Indoor Environmental Quality Guidelines


Provide interior view space or views to the exterior. The benefits of providing this visual access are the ability for focal rest to avoid eyestrain, and access to visual information about changing outside conditions. A view amenity also aids varying attention cycles and relieves the stress of mental work.

Recommended Performance Criteria
See “Appendix I-10 View Space Diagrams and Tables for I.10” for further illustrations of these criteria.

  1. From every continuously occupied position in spaces there shall be visual access to an external window view that is at least 10 degrees in horizontal and vertical visual angle at no greater than the 50th percentile standing average eye height of 64 inches.
  2. From every assigned and continuously occupied workstation position at seated eye height of 48 inches there shall be visual access to a view space that is at least 20 feet away. The view space shall be at least a continuous 20 degrees horizontal angle beginning at not more than 10 degrees from the centerline of sight. The view space shall also be at lease a continuous 15 degrees vertical view angle beginning at not more than 10 degrees from the horizontal centerline of sight and shall also be above that horizontal centerline. As an alternate to the 20 degree horizontal by 15 degree vertical dimensions of the line of sight, the table “View Space Aperture Approximately Corresponding to a 20 degree Horizontal by 15 degree Vertical View Angle” found in Appendix I-4 may be used.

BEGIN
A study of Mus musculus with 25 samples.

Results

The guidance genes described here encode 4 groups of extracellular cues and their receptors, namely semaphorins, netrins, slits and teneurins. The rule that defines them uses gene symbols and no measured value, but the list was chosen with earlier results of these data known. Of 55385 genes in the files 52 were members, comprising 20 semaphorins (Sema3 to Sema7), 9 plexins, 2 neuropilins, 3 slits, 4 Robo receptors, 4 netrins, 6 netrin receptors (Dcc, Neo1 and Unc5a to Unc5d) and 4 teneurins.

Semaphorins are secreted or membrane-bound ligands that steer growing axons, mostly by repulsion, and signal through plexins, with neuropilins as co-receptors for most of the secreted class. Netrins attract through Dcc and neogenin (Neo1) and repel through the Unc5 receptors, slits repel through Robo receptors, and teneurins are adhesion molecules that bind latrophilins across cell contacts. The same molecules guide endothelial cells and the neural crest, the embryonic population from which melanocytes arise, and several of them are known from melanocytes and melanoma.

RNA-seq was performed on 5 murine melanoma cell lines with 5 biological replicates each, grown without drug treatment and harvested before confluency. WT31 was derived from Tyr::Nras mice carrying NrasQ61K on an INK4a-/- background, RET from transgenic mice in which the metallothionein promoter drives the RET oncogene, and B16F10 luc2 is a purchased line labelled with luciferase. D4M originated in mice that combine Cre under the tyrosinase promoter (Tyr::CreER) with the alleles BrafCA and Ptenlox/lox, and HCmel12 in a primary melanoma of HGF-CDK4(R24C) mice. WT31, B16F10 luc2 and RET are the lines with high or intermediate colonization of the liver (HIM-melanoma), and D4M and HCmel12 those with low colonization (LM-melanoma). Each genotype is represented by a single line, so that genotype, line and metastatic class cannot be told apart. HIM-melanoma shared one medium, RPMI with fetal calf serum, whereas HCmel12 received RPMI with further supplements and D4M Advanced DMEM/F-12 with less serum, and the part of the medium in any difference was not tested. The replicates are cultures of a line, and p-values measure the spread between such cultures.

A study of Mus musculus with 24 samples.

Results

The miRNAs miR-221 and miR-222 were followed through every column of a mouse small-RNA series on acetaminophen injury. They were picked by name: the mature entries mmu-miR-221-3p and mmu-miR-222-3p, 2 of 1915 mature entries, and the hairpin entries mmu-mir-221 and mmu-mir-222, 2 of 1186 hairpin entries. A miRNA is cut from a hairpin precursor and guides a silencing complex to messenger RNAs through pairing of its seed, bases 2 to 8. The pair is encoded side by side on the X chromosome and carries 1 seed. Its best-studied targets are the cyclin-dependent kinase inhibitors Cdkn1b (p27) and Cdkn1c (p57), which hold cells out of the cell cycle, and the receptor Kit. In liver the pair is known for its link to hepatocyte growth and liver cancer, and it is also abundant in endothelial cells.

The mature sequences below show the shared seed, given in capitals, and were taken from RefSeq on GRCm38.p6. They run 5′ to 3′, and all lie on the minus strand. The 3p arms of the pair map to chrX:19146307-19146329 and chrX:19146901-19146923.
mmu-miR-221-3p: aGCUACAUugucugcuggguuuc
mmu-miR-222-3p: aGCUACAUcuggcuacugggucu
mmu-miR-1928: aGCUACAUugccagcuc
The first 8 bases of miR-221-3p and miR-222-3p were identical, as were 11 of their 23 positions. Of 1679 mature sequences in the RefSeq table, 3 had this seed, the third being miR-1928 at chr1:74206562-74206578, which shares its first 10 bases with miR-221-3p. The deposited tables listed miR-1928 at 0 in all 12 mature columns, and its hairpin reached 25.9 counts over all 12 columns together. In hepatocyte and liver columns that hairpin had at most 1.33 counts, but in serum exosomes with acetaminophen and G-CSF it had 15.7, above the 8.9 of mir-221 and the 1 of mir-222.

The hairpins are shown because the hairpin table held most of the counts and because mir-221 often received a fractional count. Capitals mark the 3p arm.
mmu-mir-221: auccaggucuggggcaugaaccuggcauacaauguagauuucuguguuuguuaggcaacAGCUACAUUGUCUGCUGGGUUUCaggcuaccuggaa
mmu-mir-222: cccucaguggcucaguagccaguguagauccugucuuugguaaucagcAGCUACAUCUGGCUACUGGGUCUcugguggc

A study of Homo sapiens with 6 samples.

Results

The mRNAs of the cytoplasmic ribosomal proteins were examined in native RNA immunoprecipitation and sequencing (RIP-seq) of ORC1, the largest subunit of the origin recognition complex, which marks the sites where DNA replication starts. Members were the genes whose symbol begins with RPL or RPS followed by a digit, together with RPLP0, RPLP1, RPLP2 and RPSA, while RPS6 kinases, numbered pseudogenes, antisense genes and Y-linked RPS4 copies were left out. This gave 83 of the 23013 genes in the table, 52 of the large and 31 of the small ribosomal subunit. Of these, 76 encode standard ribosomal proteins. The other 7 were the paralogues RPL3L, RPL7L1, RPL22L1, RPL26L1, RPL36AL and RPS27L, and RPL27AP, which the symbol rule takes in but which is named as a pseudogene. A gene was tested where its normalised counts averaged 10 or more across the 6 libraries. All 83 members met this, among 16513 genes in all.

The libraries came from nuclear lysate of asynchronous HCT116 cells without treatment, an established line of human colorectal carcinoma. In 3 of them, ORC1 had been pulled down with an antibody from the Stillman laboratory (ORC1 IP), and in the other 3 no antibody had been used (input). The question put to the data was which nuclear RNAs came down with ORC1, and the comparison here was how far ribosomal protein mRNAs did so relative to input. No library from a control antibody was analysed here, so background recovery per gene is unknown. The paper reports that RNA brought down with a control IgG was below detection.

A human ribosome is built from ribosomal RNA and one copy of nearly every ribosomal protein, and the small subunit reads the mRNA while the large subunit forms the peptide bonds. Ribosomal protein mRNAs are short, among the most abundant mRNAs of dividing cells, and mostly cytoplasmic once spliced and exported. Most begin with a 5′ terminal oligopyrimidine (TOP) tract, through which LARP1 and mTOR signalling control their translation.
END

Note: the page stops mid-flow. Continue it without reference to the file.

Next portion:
3. Higher performance is achievable if views are provided to horizon lines, clouds, tree lines and clusters and natural waterscapes.

Compliance Tools and Resources

  • Appendix I-10 View Space Diagrams and Tables for I.10
  • Calculation from drawings or simulation via analytic software.

Related MSBG Documents

Supplemental Resources

  • Software broadly incorporating view space calculations is embedded in the "Spatialist" program from the School of Architecture, Georgia Institute of Technology, Atlanta, GA.
  • Baker, Nick, & Steemers, Koen (2002) Daylight Design of Buildings: A Handbook for Architects and Engineers. James & James, Publishers.
  • Bechtel, Robert B. & Churchman, Azra, (Eds.) (2002) Handbook of Environmental Psychology. John Wiley & Sons, NY.
  • Boff, K. & Lincoln, J. (Eds.) (1988) Engineering Data Compendium: Human Perception and Performance. Harry G. Armstrong Aerospace Medical Research Laboratory, Wright Patterson AFB, Ohio.
  • NASA (1995) Man-System Integration Standards. Johnson Space Center, Houston, TX.
  • Rea, Mark S. (Ed.) (1999) The Iesna Lighting Handbook: Reference & Application. Illuminating Engineering Society of North America, NY.
  • Watson, Donald. Crosbie, Michael. Crosbie, Michael J. & Callender, Michael H. (1997.) Time-Saver Standards for Architectural Design Data. McGraw-Hill, NY.
  • Woodson, W. E, Tillman, P. & Tillman, B. (1992) Human Factors Design Handbook, 2nd Edition. McGraw-Hill, NY.